Oncotarget

Research Papers:

Aminomethylphosphonic acid inhibits growth and metastasis of human prostate cancer in an orthotopic xenograft mouse model

Keshab Raj Parajuli, Qiuyang Zhang, Sen Liu and Zongbing You _



Keshab Raj Parajuli1, Qiuyang Zhang1, Sen Liu1, Zongbing You1,2,3,4,5

1Departments of Structural & Cellular Biology, Tulane University, New Orleans, Louisiana 70112, USA

2Department of Orthopaedic Surgery, Tulane University, New Orleans, Louisiana 70112, USA

3Tulane Cancer Center and Louisiana Cancer Research Consortium, Tulane University, New Orleans, Louisiana 70112, USA

4Tulane Center for Stem Cell Research and Regenerative Medicine, Tulane University, New Orleans, Louisiana 70112, USA

5Tulane Center for Aging, Tulane University, New Orleans, Louisiana 70112, USA

Correspondence to:

Zongbing You, e-mail: zyou@tulane.edu

Keywords: aminomethylphosphonic acid, glyphosate, prostate cancer, metastasis, orthotopic xenograft mouse model

Received: October 01, 2015    Accepted: January 23, 2016    Published: January 28, 2016

ABSTRACT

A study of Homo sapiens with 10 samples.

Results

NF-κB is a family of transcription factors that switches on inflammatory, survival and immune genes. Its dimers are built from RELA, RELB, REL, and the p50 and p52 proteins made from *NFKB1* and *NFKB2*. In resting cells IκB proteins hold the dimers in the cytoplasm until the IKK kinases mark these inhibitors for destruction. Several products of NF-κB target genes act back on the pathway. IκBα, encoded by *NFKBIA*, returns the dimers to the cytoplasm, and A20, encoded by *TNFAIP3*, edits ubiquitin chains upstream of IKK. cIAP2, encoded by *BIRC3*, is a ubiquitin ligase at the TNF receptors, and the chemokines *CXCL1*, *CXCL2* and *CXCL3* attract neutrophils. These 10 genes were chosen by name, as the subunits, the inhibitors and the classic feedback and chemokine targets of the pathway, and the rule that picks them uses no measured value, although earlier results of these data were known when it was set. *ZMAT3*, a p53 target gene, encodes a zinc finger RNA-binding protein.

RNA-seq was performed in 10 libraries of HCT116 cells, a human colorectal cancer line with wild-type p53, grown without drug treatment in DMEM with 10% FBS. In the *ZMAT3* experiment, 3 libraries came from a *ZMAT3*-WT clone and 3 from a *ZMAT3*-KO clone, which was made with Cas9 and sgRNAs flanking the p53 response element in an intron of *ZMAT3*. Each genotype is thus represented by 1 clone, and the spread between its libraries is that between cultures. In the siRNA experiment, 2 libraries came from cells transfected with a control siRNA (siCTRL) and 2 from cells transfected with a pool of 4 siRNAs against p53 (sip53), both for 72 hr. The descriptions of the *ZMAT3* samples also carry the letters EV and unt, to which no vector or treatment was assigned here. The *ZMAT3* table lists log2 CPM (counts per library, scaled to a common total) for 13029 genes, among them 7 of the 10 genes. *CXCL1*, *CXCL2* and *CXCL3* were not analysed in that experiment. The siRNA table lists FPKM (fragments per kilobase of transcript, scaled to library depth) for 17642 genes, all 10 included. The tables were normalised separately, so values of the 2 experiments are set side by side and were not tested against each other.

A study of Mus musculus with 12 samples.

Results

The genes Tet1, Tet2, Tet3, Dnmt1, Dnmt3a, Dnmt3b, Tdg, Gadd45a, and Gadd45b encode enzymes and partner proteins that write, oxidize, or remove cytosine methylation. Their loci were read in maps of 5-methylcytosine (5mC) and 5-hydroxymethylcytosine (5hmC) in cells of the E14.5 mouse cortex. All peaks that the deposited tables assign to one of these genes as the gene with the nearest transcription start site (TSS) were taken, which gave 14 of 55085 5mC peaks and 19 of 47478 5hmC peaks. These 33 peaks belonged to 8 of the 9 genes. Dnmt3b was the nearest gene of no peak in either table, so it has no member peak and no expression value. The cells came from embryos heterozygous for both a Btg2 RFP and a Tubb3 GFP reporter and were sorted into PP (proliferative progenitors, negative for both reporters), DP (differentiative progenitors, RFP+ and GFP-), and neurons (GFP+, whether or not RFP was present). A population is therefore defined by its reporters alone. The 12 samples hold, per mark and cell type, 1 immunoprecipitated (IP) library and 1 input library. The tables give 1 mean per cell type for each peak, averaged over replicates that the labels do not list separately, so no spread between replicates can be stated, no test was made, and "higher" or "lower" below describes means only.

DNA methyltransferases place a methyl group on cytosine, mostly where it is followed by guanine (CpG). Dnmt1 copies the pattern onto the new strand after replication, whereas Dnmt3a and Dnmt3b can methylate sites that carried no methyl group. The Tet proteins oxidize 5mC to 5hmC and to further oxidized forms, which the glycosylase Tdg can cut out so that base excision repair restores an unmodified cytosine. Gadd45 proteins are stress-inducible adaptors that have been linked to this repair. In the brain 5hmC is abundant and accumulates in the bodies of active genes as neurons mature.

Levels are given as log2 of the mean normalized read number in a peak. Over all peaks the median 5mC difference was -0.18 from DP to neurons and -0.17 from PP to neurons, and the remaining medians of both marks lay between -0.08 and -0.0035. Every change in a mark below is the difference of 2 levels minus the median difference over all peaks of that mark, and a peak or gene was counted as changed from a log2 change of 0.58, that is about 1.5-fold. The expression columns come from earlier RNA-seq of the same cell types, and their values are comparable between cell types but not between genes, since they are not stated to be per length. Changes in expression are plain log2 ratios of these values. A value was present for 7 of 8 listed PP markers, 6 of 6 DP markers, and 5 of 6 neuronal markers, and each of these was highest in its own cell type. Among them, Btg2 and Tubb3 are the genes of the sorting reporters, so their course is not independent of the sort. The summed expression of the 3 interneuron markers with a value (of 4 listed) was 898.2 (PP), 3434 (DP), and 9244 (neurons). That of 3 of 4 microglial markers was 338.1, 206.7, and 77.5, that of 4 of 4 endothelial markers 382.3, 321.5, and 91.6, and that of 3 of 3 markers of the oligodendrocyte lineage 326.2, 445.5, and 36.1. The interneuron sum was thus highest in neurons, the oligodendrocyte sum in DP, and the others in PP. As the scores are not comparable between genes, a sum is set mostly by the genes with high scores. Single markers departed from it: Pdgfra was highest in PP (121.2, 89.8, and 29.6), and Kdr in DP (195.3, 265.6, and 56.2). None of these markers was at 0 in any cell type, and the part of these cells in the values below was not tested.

Aminomethylphosphonic acid (AMPA) has been shown to inhibit prostate cancer cell growth in vitro. The purpose of the present study was to determine if AMPA could inhibit growth and metastasis of prostate cancer in vivo. Human prostate cancer PC-3-LacZ-luciferase cells were implanted into the ventral lateral lobes of the prostate in 39 athymic Nu/Nu nude male mice. Seven days later, mice were randomized into the control group (n = 14, treated intraperitoneally with phosphate buffered saline), low dose group (n = 10, treated intraperitoneally with AMPA at 400 mg/kg body weight/day), and high dose group (n = 15, treated intraperitoneally with AMPA at 800 mg/kg body weight/day). Tumor growth and metastasis were examined every 4-7 days by bioluminescence imaging of live mice. We found that AMPA treatment significantly inhibited growth and metastasis of orthotopic xenograft prostate tumors and prolonged the survival time of the mice. AMPA treatment decreased expression of BIRC2 and activated caspase 3, leading to increased apoptosis in the prostate tumors. AMPA treatment decreased expression of cyclin D1. AMPA treatment also reduced angiogenesis in the prostate tumors. Taken together, these results demonstrate that AMPA can inhibit prostate cancer growth and metastasis, suggesting that AMPA may be developed into a therapeutic agent for the treatment of prostate cancer.